Alaska-Seattle tension goes back a long time

Alaska-Seattle tension

Protestors surround yellow Shell oil rig in Port of Seattle (via KING5)

Seattle just can’t stay out of the national news. The latest bug light for media everywhere was the colorful flotilla of kayaks and other vessels last month surrounding a Royal Dutch Shell oil rig docked at the Port of Seattle intended for deployment in Alaska. Seattle environmentalists are trying to stop new drilling for oil in the Arctic.

Given that most of the gasoline sold in SUV-heavy Seattle comes from oil taken from Alaska, this protest registered a significant reading on my hypocrisy meter. But it’s also interesting from a historical standpoint. For upwards of a century Seattle has been telling Alaska what to do, and Alaskans haven’t been too happy about it.

The Alaska-Seattle tension goes back to the Klondike gold rush of 1897, which brought tens of thousands of fortune-hunters to western Canada and Alaska through Seattle, the closest city with rail service and a year-round port. The trade created some early fortunes and established Seattle as a major city–and, some said, the puppeteer to Alaska’s puppet.

“The link became so strong that Alaska was long considered to be the personal property of Seattle and Seattleites.” This isn’t just my New To Seattle perspective. It’s a quote up right now  on the official website of the City of Seattle–the same city whose leaders are trying to scuttle the oil rig siting–in an essay entitled “Brief History of Seattle.”

“The city of Seattle looks upon Alaska as one of its own children,” the American Forestry Association wrote barely a decade after the Gold Rush in 1909. Forty years later, in 1949,  Kiplinger’s Personal Finance magazine had this to say about the relationship between Seattle and Alaska:

The historic monopoly which Seattle holds on the Alaskan trade is now worth $170 million annually. But she may lose this plum. Alaskans are determined to break the monopoly. Alaskan Governor Ernest Gruening, strongly supported by his people, has said: “Seattle has exploited Alaska long enough. Alaska is too important to the United States and the world to be tied economically to a single city. We shall use other ports as entrances to Alaska.”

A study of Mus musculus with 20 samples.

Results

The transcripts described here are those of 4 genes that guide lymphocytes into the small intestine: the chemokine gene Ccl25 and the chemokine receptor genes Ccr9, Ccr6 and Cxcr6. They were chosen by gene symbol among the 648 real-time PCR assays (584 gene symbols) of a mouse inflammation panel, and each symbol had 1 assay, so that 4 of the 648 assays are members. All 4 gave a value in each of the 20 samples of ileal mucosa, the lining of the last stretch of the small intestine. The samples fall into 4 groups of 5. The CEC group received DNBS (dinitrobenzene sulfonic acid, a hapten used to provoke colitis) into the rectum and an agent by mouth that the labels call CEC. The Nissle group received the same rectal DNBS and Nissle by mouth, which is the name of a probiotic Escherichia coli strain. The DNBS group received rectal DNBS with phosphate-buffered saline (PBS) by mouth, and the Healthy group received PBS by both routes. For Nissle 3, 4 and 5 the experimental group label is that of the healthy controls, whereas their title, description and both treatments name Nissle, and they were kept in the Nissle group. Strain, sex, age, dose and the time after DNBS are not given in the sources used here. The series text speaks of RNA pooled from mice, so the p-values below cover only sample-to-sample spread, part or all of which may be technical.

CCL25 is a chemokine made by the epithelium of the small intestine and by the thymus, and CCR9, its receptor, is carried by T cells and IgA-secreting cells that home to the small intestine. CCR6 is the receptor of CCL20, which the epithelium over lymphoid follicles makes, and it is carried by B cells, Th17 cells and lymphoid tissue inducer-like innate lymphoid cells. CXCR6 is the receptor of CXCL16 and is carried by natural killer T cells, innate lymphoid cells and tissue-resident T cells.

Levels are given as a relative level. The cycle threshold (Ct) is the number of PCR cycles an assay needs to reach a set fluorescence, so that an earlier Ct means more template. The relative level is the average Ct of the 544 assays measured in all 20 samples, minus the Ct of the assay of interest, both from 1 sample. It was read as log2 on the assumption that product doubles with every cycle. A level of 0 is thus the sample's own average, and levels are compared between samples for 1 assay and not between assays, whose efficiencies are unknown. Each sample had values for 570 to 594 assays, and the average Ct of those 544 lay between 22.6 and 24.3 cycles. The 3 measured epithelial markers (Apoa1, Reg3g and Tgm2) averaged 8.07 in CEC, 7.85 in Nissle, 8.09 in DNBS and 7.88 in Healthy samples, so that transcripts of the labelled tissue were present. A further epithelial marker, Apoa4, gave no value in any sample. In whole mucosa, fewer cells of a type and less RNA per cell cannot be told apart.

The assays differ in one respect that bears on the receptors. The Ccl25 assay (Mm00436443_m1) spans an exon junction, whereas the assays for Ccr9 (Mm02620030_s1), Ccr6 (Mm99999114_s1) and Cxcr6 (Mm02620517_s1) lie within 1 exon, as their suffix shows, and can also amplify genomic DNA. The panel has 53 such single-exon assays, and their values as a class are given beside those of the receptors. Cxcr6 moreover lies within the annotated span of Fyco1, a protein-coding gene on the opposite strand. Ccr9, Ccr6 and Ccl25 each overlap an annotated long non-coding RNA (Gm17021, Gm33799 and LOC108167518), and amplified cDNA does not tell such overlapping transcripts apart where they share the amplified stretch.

The liberal Gruening–he previously was editor of The Nation–later became a U.S. senator. He was one of only two lawmakers who voted against the touted-under-false-pretenses 1964 Gulf of Tonkin resolution, which significantly escalated U.S. involvement in Vietnam. That was not unlike the way the phony smoke about WMDs in Iraq steamrolled Congress in 2003 into authorizing a U.S. invasion there. Gruening’s political profile would have gone down well in present-day Seattle.

But beating up on Seattle still plays well in Alaska. The Alaska Legislature passed a resolution criticizing efforts by Washington State Governor Jay Inslee and Seattle Mayor Ed Murray to cancel the deal. Alaska Governor Bill Walker even came to Seattle to tour the rig.

In the middle of the current brouhaha, Paul Fuhs, an oil industry lobbyist who is executive director of the North Slope Port Authority in Alaska, told The Seattle Times that scuttling the oil rig docking deal in Seattle would be like Alaskans telling Washington State to “just shut down your Boeing plant and solve global warming with that.”

A column in Anchorage’s Alaska Dispatch News described the big protest in Seattle this way:

These activists drove cars–using fossil fuels–to the protest with their kayaks–made of petroleum products–loaded on top of their cars, then put on neoprene wetsuits–made from, you guessed it, petroleum products–and paddled out to protest the acquisition of the very resource they, like the rest of us, are dependent upon. 

The kayak protest certainly burnished Seattle’s liberal reputation for talking the talk–even if there was a lot less walking the walk.